For Amy Winehouse, the Anti-Diva

Dabbler Editor Brit pays tribute to Amy Winehouse, who died on Saturday at the age of 27.

Long-term readers of my Think of England blog may remember that I went through a period of infatuation with Amy Winehouse, having been to see her perform at a smoke-filled dungeon called The Academy, in Bristol. That was in late 2006, soon after the release of her second album Back to Black but before it propelled her to international star status.

The gig was unforgettable: Amy was thin but not yet emaciated and she drank throughout, taking alternate swigs from two glasses of ghastly-looking green cocktail secreted behind an amp (I could see this from my vantage point to the side of the stage). Her voice was huge, her improvisations all worked. Afterwards I wrote:

In the nicest possible way she’s as mad as a hatter, is Amy, filling the gaps between songs with amiable, sweary banter delivered in a caustic, almost incomprehensible cockney babble and cackling with laughter at her own tipsy jokes. But what a singing voice! Her effortless, soaring jazzy rasp can strip the layers of grime from the walls.

At the moment she’s playing small, all-standing indie-rock venues like the Academy. With her motown-y, jazzy, R&B-ish talent the logical career progression would be to tone down the ribald lyrics, make it big in America and end up being a diva doing residencies at Las Vegas.

Yet she is in many ways the anti-diva. True divas should give the impression they come from another planet; Amy gives the impression she came along as part of a hen party and got dragged up on stage. She has an utter lack of grace which is quite endearing: she can’t walk in her stilettos and doesn’t know what to do with her hands, constantly fidgeting with her dress and breaking into strange, jerky dances. She giggles incessantly.

There’s no evidence of that invisible barrier that’s supposed to exist between her and her (mostly young, female, slightly grungey) audience – literally so at the end, when she came from backstage to join the crowd, pose for mobile phone photos and continue the raucous hen party banter with the mob. You wouldn’t catch Beyonce doing that.

That all-too-human persona will mean that the mourning amongst fans is intense; but everyone interested in music should regret the untimely passing of a great talent. Winehouse’s records Frank and Back to Black are amongst the very few pieces of music that everyone I live with enjoys – I suspect that’s true of many households. Frank is a funny, spicy jazz album but the brilliance of Back to Black in particular only became more obvious as the years went by without a follow-up: the songs are just plain, painful truth.

Her last single, the breezy horn-driven Valerie, soundtracked the best holiday of my life: a fortnight in Jamaica which included my wedding. Now Amy has died aged 27 – the same age as Jim Morrison, Jimi Hendrix and Janis Joplin – and, for a few decades at least, even her happy songs will sound sad.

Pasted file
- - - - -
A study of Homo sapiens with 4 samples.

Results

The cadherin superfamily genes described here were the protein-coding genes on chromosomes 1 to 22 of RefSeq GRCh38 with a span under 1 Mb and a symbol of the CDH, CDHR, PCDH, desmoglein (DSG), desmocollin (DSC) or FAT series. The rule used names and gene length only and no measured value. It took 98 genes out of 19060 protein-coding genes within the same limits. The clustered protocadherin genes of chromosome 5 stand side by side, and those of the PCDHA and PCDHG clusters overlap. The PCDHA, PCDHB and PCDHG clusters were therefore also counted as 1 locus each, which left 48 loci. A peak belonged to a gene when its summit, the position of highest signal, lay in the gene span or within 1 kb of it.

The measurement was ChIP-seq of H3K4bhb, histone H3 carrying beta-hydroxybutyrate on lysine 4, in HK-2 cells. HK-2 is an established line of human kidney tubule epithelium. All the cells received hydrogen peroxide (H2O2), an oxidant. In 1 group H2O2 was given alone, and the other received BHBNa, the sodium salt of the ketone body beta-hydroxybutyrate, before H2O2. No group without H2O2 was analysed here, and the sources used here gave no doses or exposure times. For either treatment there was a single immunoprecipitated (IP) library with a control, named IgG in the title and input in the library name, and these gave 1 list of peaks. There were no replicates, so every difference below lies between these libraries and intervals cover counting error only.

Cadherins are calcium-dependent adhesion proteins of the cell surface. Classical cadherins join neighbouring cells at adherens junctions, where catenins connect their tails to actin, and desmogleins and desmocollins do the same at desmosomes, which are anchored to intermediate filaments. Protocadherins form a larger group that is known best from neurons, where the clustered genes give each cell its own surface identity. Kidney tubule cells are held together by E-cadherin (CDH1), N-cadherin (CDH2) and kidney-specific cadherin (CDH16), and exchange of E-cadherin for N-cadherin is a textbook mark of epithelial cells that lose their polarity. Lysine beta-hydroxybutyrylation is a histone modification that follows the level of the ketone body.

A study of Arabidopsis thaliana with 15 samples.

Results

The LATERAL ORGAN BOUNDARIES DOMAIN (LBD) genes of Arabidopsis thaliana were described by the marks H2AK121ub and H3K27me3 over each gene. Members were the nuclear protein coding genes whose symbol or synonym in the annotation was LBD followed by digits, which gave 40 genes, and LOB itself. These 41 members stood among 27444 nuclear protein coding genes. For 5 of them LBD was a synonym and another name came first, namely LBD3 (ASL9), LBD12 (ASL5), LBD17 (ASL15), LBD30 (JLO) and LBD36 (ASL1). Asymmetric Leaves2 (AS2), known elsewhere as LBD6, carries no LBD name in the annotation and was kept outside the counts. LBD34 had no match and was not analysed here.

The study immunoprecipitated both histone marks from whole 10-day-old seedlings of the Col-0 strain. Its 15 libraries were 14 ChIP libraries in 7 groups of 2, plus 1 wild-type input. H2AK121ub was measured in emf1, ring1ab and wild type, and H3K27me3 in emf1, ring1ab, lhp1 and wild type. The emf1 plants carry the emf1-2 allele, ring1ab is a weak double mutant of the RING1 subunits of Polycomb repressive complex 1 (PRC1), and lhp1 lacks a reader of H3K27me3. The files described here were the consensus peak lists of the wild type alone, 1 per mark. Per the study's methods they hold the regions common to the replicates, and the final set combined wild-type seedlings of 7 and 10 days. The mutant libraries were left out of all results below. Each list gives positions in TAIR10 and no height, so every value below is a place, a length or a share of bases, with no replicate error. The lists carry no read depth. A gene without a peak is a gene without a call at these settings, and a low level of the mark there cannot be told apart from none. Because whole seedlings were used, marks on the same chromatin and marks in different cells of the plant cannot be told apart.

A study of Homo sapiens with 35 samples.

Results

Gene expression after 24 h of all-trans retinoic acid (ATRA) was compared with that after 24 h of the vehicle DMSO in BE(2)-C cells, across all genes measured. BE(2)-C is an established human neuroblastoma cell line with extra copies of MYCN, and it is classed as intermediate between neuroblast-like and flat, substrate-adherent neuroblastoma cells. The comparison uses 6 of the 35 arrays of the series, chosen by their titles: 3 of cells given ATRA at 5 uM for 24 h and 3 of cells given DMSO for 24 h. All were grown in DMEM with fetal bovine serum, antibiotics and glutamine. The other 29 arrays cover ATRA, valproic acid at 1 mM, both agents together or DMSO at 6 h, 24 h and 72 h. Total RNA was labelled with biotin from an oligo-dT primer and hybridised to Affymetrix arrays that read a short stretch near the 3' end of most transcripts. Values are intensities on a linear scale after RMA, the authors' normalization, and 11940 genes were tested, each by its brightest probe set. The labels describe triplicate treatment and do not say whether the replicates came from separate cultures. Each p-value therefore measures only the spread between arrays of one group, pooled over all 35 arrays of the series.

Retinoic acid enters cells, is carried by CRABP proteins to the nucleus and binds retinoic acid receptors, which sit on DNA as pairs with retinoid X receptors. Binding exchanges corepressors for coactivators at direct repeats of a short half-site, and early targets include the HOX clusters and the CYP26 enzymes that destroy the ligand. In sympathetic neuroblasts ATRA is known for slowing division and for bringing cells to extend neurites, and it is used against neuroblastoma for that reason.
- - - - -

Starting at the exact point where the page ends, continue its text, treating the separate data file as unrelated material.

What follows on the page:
July 25, 2011 at 08:53

    What a good tribute and you were so lucky to see her; I wish I’d had the chance. I love this line particularly: ‘Amy gives the impression she came along as part of a hen party and got dragged up on stage.’ That is so true – she seemed to be tottering along in the wake of an eternal hen party, poor pet.

    July 25, 2011 at 09:00

    shocking news. I guess the pressure of delivering an album to match up to the peerless Back to Black was a contributing factor

    July 25, 2011 at 09:25

    She had a voice comparable to Helen Shapiro, the greatest British jazz singer, sadly underrated and underused. Like Karen Carpenter, her death pointless and puzzling, another added to the long list of what might have been.

    You do wonder, where was the loving family affection that often is the cure for that particular affliction.

    Added to the other, far greater tragedy an extremely surreal weekend.

      July 25, 2011 at 18:56

      Re family affection, I’ve seen nothing but praise for her parents in trying to help her kick the habits; but the less said about her husband the better.

    Ali Choudhury
    July 25, 2011 at 10:29

    It’s a real shame she got involved with that drug-addicted loser. RIP.

    July 25, 2011 at 15:29

    Poor Amy. This is a lovely tribute.

    thanks Brit

    July 25, 2011 at 17:03

    Thanks for this. Her voice and the fact she did not have an overly glossy persona were what I loved about her.

    July 25, 2011 at 17:07

    I always thought that her big comeback was just around the corner – cleaned up, ready for action, back in the studio putting together the classic that would have sealed her reputation once and for all. Very sad that it didn’t happen, and that so many will remember her wasted opportunities rather than her achievements.

    I don’t know Amy’s stuff that well, by the way, but that video’s lovely.

    July 25, 2011 at 20:07

    ‘Love is a losing game’, and tragically it was for this unique talent, this track a perfect example of how she could flex her voice around lyric and music in a completely natural way.
    Get the feeling, sadly, that many of the obits were roughed-out, waiting for her to go – but the blame game, if I know anything (and I do), is misplaced I feel. When kids get into that dark place, no mum or dad can help.

    July 26, 2011 at 18:09

    Very sad, did seem to be a matter of time.

    Likewise everyone in my house dances when Back to Black is played.

    I heard somewhere that obits were routinely pre-written, maybe moreso in pre-online days. I think an obit for Liz Taylor was published even though the author had predeceased Liz by years, as it was so well written.